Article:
The Hebrew word for “holiness” means separation–quite literally, ‘to be cut away.’ It also means “perfection,” as we see in our English word “holiness”–“wholeness” of beauty, love, moral integrity.
Jesus was the Holy one, our supreme example of holiness: he was separate from all impurity in the world, yet so “whole” in his love for us that he took upon himself our pain and our sin.
Many Christians only think about the first dimension of holiness, as if a “holy” life is one that stays isolated from the world so as not to be dirtied by it. But if we see Jesus as the one who is holy, then we must conclude we’re not being holy until we are covered in the suffering and pain of the world like Jesus was. True holiness means separation without isolation; contact without contamination.
Jesus embraced lepers. He made his home with sinners. If we are holy, we will be doing the same. C.T. Studd, a missionary whose biography impacted me greatly, famously said,
“Some people want to live in the sound of chapel bells, but I want to run a mission a yard from the gates of hell.”
Jesus gave two great images in His famous “Sermon on the Mount” that make this same point.
Believers are to be “salt.” Salt works better if it’s scattered. I love salt, but even I don’t like to pour myself a big bowl of salt to eat. When salt is scattered, however, it brings the natural flavors out of food, and can preserve food from going bad too quickly. The people of God should be like this. We are to preserve and we are to add beauty. To do this, we cannot be contained in “Christian community.” We need to be scattered into every dimension of society, promoting justice and equality and mercy. We are to be in every dimension of society (art, music, Hollywood, politics, etc.) preserving, promoting justice, and adding beauty.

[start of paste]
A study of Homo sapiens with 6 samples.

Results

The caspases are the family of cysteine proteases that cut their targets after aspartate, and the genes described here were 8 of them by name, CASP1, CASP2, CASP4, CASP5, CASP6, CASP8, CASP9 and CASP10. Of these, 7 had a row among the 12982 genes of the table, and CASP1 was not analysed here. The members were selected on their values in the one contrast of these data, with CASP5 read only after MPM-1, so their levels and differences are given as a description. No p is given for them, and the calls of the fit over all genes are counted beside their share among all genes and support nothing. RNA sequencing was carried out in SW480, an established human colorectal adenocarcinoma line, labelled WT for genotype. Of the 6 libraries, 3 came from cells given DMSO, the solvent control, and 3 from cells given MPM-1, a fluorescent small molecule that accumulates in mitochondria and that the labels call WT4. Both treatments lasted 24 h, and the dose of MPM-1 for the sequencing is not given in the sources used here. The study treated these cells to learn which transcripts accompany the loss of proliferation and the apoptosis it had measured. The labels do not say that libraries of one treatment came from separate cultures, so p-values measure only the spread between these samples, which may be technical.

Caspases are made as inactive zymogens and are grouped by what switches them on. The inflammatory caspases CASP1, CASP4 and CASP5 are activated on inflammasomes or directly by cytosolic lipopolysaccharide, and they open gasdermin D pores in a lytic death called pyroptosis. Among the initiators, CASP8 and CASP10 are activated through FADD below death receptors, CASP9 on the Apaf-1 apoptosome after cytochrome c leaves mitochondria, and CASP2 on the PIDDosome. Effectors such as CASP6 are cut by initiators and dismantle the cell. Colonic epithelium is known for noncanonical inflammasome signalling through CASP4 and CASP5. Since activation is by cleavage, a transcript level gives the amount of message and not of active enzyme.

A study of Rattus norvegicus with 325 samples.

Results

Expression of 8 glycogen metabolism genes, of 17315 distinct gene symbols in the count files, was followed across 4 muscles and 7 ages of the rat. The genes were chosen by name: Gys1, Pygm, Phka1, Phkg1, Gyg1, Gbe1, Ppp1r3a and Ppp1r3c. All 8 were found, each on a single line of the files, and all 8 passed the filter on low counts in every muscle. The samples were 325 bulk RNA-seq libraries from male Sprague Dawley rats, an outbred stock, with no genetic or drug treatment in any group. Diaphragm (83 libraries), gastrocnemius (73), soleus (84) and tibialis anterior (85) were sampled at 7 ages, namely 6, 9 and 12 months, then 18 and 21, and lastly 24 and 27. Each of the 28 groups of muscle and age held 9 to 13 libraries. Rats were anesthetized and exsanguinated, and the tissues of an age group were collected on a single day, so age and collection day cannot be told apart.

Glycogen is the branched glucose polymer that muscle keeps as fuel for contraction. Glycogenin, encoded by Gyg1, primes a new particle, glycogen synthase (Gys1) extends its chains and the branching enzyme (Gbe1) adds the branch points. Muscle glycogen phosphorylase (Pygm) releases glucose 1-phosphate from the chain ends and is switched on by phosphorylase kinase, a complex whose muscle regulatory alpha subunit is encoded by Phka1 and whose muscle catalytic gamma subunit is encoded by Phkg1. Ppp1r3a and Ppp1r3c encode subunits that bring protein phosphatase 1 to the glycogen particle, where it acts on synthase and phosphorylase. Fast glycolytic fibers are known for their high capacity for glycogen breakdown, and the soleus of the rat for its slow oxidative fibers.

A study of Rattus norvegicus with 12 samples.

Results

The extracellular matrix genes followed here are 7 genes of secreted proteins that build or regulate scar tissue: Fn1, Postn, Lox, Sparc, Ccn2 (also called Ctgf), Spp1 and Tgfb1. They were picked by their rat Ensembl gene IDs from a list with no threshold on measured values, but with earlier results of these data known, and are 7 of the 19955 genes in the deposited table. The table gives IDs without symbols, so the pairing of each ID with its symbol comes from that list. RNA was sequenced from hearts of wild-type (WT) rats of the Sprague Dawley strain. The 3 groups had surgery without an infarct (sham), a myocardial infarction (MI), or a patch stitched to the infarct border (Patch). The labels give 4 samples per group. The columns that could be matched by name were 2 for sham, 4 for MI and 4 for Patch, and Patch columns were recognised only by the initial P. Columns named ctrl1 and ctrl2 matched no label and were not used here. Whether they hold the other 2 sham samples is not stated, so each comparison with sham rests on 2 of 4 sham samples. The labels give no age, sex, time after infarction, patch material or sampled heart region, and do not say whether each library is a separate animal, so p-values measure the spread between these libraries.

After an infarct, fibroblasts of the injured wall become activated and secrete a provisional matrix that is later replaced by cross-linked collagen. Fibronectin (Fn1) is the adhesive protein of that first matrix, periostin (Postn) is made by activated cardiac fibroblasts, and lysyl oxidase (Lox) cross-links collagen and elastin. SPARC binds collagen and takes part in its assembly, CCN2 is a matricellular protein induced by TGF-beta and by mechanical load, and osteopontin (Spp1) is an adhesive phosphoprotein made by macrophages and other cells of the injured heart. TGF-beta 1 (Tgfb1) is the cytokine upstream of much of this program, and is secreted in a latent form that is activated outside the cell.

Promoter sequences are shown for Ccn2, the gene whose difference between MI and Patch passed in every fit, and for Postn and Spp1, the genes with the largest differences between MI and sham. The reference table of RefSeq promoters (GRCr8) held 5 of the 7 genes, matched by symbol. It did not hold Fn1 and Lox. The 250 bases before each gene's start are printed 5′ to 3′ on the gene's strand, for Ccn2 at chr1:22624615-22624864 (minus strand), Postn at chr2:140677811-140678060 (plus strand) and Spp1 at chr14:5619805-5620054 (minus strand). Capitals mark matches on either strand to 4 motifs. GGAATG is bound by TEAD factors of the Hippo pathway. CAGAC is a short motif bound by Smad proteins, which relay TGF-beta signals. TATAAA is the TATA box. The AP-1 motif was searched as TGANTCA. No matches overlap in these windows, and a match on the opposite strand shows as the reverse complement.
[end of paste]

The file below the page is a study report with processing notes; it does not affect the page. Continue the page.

Believers are also to be “light.” Light works best when it is gathered. Put yourself in the shoes (or sandals) of a camel rider at the time Jesus preached this sermon. If it’s the middle of the night and you are looking for a place to rest. I’d say there is a better chance that you will be able to see a group of lights from a distance rather than the faint glow of someone’s Yankee Candle in the window. When the people of God are together in love and fellowship, the beauty of their community becomes a bright light, a beacon of hope, for all the world to see. The local church is God’s demonstration community, putting on display in its love for one another the beauty of Christ (John 13:35; Acts 2:42-47; Ephesians 3:10; Matthew 5:16).
Christians are to be both. Our church should have an attractional force and a sending power. That’s why we judge our success by both seating capacity and sending capacity. Or, as I’ve heard said, success is not just butts in the seats but boots on the streets.